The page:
New Delhi: External Affairs Minister S Jaishankar on Friday said that in many ways China is a “challenging neighbour” for India and that he has always seen lessons from that country’s growth.
Speaking at the India Economic Conclave, he also described as “sensible” the recent agreement between the director-generals of military operations(DGMO) of India and Pakistan to adhere to the 2003 ceasefire along the Line of Control (LoC) in Jammu and Kashmir.
“We always wanted normal neighbourly relations with Pakistan. Everybody knows what that means. If there are trends in that direction, of course, I would welcome it,” he said.
Asked during the interaction on whether India will engage with the Taliban, Jaishankar noted that it would like to clearly see a sovereign democratic and inclusive Afghanistan that takes into account the interests of its minorities.
“There is something called the peace and reconciliation process and everybody else is saying that the Taliban is reaching out and changing etc. Let us wait and watch.”
To a question whether China has become indispensable to economic calculations, Jaishankar said the Chinese have a salience in the global economy.
“I do not think anybody can deny it. I think one needs to appreciate what they have done to their national capabilities in the last 40-odd years,” he said.
He said the Chinese in many ways, starting with the then US President Richard Nixon and former US Secretary of State Henry A Kissinger, had “outthought” the West, adding “not just them but their successive generations.”
“And not just America, the West as a whole which explains why they are where they are today,” he added.
At the same time, Jaishankar noted that it would be difficult to say what will happen in the future as there are a lot of “contradictions and frictions” out there today.
“But when it comes to us, we need to ask ourselves: so we have this neighbour who has done spectacularly well. So do we just stand there with our hands in our pocket and marvel at what they have done or do we say this is an inspiration, I need to also strengthen my competitiveness and my capabilities and so on,” he said.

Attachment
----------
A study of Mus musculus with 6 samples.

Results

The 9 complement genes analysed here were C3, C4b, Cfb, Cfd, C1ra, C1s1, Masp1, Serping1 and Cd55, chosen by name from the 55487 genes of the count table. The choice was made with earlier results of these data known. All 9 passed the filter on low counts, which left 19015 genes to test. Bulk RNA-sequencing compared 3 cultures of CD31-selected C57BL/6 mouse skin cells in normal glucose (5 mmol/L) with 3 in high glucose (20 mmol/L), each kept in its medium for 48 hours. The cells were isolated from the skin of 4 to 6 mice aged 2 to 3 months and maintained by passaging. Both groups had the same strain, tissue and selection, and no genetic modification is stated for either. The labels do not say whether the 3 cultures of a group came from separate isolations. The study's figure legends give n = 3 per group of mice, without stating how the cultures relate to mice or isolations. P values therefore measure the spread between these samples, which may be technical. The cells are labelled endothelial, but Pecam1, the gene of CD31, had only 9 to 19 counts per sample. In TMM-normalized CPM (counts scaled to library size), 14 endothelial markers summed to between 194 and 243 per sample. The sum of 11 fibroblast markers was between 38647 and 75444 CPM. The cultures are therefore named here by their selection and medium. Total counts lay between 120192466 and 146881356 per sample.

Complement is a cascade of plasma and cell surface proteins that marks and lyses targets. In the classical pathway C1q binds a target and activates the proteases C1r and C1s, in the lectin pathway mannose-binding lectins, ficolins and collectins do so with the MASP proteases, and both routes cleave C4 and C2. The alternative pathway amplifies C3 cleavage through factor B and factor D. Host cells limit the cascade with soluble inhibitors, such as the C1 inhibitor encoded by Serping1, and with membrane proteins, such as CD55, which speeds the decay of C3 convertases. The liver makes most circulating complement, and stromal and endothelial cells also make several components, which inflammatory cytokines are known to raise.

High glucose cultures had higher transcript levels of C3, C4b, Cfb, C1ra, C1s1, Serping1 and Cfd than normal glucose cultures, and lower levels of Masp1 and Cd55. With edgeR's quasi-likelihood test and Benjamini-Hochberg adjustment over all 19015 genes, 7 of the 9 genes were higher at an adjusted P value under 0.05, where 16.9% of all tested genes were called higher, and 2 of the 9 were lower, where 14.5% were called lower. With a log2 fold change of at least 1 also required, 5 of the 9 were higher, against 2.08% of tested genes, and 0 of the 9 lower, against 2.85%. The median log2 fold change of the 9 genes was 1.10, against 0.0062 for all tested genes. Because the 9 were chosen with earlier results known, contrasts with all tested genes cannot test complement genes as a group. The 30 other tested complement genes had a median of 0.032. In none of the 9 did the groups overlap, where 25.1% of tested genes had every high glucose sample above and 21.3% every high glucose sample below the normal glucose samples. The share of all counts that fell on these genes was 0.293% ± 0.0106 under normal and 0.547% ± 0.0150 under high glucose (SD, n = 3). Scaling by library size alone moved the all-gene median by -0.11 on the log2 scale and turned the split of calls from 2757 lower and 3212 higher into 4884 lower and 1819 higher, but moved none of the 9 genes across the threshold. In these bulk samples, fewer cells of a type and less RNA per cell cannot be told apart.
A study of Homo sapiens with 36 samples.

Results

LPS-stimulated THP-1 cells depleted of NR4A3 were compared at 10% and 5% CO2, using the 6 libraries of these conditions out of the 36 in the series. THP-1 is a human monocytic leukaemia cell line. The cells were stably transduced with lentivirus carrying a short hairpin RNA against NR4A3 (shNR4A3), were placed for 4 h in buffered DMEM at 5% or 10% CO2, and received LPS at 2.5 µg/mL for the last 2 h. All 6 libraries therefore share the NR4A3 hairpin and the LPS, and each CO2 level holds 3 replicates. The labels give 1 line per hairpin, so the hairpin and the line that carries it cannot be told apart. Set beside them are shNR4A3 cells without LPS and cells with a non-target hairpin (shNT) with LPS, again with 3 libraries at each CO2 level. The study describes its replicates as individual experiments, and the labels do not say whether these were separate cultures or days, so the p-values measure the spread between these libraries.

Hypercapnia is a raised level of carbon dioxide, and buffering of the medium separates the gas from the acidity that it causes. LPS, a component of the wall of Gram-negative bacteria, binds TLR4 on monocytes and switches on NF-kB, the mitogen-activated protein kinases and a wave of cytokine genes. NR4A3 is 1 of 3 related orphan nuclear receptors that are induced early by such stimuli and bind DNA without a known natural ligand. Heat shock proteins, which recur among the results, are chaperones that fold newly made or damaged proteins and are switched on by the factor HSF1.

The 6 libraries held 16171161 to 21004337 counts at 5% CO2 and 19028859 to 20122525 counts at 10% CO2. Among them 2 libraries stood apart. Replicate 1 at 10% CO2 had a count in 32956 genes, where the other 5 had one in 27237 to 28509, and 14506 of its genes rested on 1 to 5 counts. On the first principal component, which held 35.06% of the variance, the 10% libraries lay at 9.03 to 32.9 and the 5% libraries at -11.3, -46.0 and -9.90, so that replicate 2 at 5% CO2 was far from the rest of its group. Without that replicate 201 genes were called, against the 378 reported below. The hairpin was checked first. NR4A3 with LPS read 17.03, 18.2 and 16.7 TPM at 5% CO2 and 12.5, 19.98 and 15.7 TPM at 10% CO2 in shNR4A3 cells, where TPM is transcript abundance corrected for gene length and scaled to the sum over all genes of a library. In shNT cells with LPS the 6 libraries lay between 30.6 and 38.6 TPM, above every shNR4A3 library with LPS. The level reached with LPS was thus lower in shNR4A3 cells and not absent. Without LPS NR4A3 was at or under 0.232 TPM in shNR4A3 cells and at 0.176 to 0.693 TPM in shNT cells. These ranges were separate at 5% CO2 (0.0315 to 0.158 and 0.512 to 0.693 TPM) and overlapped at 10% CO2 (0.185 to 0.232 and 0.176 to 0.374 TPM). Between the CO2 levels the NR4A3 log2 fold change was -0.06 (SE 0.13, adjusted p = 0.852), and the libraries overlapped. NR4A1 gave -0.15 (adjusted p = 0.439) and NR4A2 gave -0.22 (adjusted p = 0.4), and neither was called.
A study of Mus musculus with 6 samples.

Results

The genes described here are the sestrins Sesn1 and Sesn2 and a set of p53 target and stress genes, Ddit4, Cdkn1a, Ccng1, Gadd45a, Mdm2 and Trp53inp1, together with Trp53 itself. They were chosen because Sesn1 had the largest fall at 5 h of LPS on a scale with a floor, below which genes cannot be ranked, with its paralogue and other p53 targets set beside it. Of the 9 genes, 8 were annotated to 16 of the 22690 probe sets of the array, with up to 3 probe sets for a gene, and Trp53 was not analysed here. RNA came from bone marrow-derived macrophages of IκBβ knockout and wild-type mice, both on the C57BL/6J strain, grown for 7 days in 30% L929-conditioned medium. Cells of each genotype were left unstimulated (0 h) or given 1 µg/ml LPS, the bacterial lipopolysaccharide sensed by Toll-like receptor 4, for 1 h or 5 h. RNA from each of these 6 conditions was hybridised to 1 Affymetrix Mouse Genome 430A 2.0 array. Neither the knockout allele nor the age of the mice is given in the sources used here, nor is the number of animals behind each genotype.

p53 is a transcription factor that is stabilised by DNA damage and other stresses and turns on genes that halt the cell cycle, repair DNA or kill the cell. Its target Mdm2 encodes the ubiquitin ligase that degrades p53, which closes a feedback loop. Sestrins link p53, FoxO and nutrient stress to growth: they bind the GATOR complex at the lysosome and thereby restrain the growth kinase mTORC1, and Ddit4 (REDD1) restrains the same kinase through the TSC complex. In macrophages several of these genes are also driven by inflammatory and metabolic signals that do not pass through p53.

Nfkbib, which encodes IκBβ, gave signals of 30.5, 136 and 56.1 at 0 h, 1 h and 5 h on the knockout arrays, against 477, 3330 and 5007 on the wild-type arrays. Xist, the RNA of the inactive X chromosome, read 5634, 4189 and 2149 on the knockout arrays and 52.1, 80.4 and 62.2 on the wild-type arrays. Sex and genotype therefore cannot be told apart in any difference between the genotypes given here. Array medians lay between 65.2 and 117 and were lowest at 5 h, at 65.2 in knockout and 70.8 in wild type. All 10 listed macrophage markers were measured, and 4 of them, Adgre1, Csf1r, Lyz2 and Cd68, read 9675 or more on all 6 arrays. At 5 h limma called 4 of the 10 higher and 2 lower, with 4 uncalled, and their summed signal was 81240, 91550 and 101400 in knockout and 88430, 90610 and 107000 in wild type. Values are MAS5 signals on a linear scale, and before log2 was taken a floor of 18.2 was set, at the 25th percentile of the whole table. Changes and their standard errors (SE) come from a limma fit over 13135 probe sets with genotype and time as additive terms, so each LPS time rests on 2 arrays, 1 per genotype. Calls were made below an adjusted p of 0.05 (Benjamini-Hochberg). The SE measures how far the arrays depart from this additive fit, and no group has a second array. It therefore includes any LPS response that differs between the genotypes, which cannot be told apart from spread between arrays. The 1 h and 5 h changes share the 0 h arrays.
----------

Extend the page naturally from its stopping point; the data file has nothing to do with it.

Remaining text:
Jaishankar clarified that his comments are not a political statement and that it is an international relations or even a domestic governance observation.
“We were about the same size of economy when Rajiv Gandhi went to China in 1988 and look at the difference today. So for me I have always seen lessons in China’s growth,” he said.
“To me, in many ways, yes China is a neighbour and it is in many ways a challenging neighbour,” he added.
Following a series of military and diplomatic talks, India and China completed withdrawal of troops and weapons from the North and South banks of Pangong lake in line with an agreement on disengagement last month. The two countries were locked in a tense border standoff since May 5 last in eastern Ladakh.
Asked whether the agreement between the DGMOs of India and Pakistan and the talks between Indus commissioners of the two sides were a sign of thaw in ties, Jaishankar said, “I think the agreements between the DGMOs is a sensible agreement because I don’t think Pakistan either did themselves or us good by encouraging or facilitating infiltrators and militants across the Line of Control and the IB (international border).
When pressed whether these are positive developments, Jaishankar said ”” yes”.
Jaishankar confirmed that he was travelling to Tajikistan capital Dushanbe to attend the ”Heart of Asia” conference but did not give a specific reply to questions on whether he will meet his Pakistani counterpart Shah Mahmood Qureshi on the sidelines of the event.
“My scheduling is in progress. So far I do not think any such meeting (is scheduled),” he said.
The Heart of Asia conference is scheduled to take place on March 30.
The external affairs minister identified infrastructure, manufacturing and education as some of the key sectors for India and listed steps taken by the government in these areas.